Mark Person Recieves Distinguished Researcher Award

Natalie Rogers August 31, 2016

Last May, Geothermal Resources team co-lead Dr. Mark Person received the prestigious 2016 Distinguished Researcher Award from New Mexico Tech. The following is from the New Mexico Tech news release. Congratulations on this well-deserved award, Mark!

Each year, Tech recognizes outstanding research and teaching by a faculty or staff member of the Institute. Dr. Mark Person of the Hydrology Program is the winner of the 2016 Distinguished Researcher Award. Dr. Kevin Kirk of the Biology Department is the winner of the 2016 Distinguished Teaching Award. Both awards include a framed certificate and $1,500. The recipient of the Distinguished Research Award is chosen by a committee of Tech faculty and researchers from a list of people from the entire Tech campus nominated by their colleagues.

Prof. Mark Person of the Department of Earth and Environmental Science was nominated by six distinguished North American scientists representing two generations and several scientific disciplines drawn from government and academia.

Dr. Person has a long history with New Mexico Tech. He completed his master’s at Tech in the 1980s, then returned for a sabbatical leave from the University of Minnesota in the late 1990s. He joined the Tech faculty in 2009. He recently became the director of Tech’s internationally recognized Hydrology Program.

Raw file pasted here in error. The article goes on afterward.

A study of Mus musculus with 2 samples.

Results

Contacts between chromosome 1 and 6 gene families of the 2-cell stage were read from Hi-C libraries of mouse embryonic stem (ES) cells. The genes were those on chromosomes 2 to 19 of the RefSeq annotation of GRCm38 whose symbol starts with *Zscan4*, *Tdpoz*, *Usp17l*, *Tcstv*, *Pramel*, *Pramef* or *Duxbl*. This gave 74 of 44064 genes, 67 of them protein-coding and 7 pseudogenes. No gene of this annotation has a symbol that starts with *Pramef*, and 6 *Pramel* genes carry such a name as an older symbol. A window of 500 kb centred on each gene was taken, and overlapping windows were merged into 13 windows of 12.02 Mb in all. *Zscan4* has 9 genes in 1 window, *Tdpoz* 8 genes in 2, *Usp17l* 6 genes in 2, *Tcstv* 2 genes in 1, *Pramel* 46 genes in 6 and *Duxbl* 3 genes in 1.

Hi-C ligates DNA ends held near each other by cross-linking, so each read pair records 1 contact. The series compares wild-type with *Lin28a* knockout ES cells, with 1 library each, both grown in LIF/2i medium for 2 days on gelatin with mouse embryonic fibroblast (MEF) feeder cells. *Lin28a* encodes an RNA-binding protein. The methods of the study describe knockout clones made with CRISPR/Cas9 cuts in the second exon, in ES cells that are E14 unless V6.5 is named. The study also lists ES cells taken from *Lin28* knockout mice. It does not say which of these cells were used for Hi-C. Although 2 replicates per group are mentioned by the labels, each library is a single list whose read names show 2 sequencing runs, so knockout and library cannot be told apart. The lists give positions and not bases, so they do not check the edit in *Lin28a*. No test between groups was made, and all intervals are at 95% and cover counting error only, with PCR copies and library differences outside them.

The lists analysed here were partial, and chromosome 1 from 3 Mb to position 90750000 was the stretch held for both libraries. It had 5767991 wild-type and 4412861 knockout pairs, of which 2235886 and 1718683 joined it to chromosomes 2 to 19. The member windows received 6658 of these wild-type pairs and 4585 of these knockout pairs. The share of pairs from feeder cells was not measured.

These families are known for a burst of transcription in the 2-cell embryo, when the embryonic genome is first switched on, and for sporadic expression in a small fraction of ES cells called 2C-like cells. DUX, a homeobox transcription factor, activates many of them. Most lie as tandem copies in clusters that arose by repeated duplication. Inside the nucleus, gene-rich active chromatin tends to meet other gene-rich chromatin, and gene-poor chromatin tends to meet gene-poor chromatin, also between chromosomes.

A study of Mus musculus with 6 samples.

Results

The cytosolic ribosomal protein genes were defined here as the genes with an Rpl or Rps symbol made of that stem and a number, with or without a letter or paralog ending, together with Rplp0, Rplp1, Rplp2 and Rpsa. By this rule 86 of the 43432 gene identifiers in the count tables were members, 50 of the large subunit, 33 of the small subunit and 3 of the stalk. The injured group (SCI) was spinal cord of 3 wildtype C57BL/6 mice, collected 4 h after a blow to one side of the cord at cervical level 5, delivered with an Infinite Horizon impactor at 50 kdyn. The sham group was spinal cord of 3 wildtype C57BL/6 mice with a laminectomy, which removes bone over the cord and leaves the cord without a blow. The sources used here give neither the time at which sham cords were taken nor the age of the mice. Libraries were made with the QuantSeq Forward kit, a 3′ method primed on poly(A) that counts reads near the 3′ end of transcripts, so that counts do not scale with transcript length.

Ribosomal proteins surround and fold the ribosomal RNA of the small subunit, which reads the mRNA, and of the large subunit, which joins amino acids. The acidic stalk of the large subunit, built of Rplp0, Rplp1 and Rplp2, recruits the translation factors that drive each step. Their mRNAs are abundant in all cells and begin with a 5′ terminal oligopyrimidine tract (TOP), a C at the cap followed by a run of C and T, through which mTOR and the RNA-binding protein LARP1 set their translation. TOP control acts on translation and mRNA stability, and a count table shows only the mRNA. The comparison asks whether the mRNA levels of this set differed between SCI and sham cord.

Dr. Person works mostly at the intersection of hydrology and geology, examining the effect of geological processes on hydrology, and vice versa. His primary tool is computer simulation supported by observations in the field.

With this approach he has examined and explained the origin of petroleum reservoirs and ore deposits, the co-evolution of tectonics and groundwater flow, carbon sequestration, and induced seismicity. For example, Dr. Person made significant strides studying new carbon sequestration technology to help moderate climate change by storing CO2 underground. Regarding induced seismicity he conducted new research on small earthquakes caused by the injection of fluids associated with petroleum production, carbon sequestration and waste disposal.

Dr. Person also examined the relationship between groundwater and advancing glacial ice during the last ice age, where the weight of the ice controls groundwater flow. His work has led to new understanding of groundwater in glaciated regions in the North American interior and explains the origin of large off-shore, submarine freshwater deposits found off the coast of New England and New York. Together with colleagues he then looked for similar data around the planet and discovered that, due to changing sea level, vast offshore freshwater resources are common for certain geologic environments. He presented his finding in the prestigious scientific journal Nature. This has tremendous implications for coastal areas around the globe.

Dr. Person is also known as a prolific gardener. He regularly shares the bounty of his harvest each fall with his students and colleagues in MSEC and across campus.